Audiophile Audition: Beethoven String Quartet Op.130 and Op.133

Audiophile Audition
June 2010
by Gary Lemco

BEETHOVEN: String Quartet o. 13 in B-flat Major, Op. 130; Grosse Fuge, Op. 133 and alternate ending: Allegro (1826) - Cypress String Quartet - Cypress Performing Arts Vol. 2, 63:00 [www.cypress] ****:

Volume 2 of the Cypress String Quartet --Cecily Ward, violin; Tom Stone, violin; Ethan Filner, viola; and Jennifer Kloetzel, cello --survey of the Beethoven cycle is devoted to the B-flat Major Quartet (1825), to which Beethoven referred as his "Liebquartett," his "precious creation" containing many of his most expressive, intimate tunes. In six movements, it already breaks with Classical tradition; and its original conclusion, the Grosse Fuge, adds yet another severe intellectual dimension to the demands this piece makes upon both performers and audience.

The opening Adagio ma non troppo--Allegro, with its angular chromatics and episodic treatment of melodic and rhythmic kernels, makes singular demands on everyone, as we feel both a compression of thought and a happy willingness to venture into harmonic realms untouched by human hands. The sojourn into G-flat seems a disembodied moment of transcendent but unnerving beauty. The late application of concertante writing for violin and viola made an immediate impression upon Dvorak, who often imitates Beethoven's instrumental colloquys.

Kloetzel's 1701 Hieronymus Amati cello, too, makes its sonorous presence felt. The Presto takes us into the tonic minor, and its ceaseless energy reminds us of the great scherzi of the late symphonies. Glissandi and modal scales infiltrate the texture, as if to mock our classical expectations still further. The ensuing Poco scherzoso: Andante in D-flat the Cypress approach with a cantering gait that allows violin, cello and often buzzing accompaniment to become quite lyrical, even in spite of the harmonic intrusions into its otherwise graciously ambling contours. The Cypress' joie de vivre in this music shines through in this movement, courtesy of close miking by engineer Mark Willsher.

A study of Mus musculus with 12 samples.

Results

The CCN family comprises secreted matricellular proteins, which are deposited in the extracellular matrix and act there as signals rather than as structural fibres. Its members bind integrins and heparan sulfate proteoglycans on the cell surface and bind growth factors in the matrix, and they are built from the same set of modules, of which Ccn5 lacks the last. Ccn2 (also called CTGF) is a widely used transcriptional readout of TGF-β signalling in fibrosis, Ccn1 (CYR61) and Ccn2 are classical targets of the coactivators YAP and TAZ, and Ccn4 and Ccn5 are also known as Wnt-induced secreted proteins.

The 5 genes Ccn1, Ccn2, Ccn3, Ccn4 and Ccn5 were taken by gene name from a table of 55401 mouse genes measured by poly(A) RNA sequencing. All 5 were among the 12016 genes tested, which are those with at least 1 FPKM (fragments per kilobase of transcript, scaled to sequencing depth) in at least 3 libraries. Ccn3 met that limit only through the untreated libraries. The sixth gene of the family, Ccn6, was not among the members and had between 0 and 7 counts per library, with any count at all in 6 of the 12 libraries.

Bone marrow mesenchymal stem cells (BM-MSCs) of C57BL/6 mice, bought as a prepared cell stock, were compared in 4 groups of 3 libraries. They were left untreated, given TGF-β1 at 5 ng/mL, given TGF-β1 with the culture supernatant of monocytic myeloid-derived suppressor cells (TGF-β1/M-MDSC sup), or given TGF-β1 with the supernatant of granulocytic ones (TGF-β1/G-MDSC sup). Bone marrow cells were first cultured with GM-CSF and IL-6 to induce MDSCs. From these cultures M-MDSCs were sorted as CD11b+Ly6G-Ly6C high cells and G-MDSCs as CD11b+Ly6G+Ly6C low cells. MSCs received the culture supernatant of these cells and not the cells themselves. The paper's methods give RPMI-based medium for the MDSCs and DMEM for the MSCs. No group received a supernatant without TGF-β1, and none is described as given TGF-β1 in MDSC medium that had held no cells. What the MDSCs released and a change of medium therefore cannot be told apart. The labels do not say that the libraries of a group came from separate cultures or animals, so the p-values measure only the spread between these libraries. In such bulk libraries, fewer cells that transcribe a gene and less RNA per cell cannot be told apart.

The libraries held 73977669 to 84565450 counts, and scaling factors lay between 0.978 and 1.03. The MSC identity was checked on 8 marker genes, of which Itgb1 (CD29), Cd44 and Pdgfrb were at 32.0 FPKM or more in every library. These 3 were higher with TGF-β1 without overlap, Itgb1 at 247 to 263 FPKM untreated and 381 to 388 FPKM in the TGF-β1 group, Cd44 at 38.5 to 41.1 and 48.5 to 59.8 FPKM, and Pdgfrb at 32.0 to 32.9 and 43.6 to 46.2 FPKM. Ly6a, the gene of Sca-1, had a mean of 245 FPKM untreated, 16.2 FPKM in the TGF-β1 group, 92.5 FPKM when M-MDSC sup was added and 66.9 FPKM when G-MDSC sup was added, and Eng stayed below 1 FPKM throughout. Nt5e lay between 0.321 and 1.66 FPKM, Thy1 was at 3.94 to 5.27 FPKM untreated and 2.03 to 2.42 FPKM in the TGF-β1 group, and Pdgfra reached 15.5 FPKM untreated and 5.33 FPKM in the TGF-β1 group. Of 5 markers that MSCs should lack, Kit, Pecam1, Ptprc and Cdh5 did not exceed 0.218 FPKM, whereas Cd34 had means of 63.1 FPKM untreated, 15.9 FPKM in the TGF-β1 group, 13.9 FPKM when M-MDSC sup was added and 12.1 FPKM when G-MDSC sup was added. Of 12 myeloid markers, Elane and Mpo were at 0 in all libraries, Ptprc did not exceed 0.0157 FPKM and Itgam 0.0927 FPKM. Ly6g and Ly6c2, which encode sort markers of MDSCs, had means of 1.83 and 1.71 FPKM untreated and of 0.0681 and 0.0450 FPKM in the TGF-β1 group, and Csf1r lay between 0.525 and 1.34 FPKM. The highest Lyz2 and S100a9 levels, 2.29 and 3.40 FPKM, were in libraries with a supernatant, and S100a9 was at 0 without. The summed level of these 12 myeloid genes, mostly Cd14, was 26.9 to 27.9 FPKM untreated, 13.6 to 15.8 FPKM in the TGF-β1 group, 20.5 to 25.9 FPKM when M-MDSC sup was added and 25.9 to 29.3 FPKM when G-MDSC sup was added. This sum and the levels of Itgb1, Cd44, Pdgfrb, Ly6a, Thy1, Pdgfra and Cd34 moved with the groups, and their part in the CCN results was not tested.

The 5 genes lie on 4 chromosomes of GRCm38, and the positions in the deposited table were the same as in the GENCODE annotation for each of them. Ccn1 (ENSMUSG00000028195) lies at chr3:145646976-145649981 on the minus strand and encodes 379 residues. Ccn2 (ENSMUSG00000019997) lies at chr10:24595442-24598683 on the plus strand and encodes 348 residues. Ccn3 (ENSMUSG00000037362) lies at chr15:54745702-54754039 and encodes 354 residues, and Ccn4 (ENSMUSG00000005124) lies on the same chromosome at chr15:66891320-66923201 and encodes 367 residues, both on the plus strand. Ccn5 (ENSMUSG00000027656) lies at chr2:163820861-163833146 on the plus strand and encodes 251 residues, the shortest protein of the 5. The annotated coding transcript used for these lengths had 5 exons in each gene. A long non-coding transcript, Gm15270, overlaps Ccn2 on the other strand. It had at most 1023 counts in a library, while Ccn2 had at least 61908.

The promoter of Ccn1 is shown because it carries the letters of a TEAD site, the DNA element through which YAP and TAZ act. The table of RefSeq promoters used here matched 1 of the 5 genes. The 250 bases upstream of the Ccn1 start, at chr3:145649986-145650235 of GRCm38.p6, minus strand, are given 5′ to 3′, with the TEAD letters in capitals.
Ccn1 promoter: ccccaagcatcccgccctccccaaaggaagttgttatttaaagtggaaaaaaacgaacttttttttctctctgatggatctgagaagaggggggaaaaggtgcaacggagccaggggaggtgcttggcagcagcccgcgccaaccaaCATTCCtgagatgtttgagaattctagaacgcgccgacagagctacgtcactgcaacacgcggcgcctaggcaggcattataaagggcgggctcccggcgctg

With the Alla Danza tedesca in G Major we enter a new harmonic space, simple but vastly dissociated from the tonal realms we have just traversed. The sudden pauses in the "German dance" melodic line suggest the vastness of the frontiers we confront. The first violin, Cecily Ward's 1681 Stradivarius, weaves a sweet variant on the original theme. The first four notes pass along to the various instruments in lyrical harmony before the fulcrum of this quartet closes. The great E-flat Major Cavatina provides another of Beethoven's sincere testaments of spiritual strength and inner faith, its top note G at the last chord a natural bridge to the massive Great Fugue. In the course of this titanic contrapuntal struggle, G-flat and A-flat have their day in court, yet the spirit remains abandoned and passionate in its chains: this is Beethoven's "Fern Hill." The Cypress project a feverish but delightful intensity into the mix, well aware that when Beethoven --who had scrupulously avoided the premier -- wanted this movement encored and damned the ignorant public, who insisted on "bis" merely for the Presto and Alla Danza tedesca.

The "traditional" Finale that Beethoven attached to assuage conservative voices enjoys the Cypress' earthy flair in gorgeous Technicolor. The invigorated part-writing quite scintillates individually, and the concerted passages take on a decidedly "symphonic" character. A fine album of chamber music, certainly a must for collectors of modern Beethoven surveys.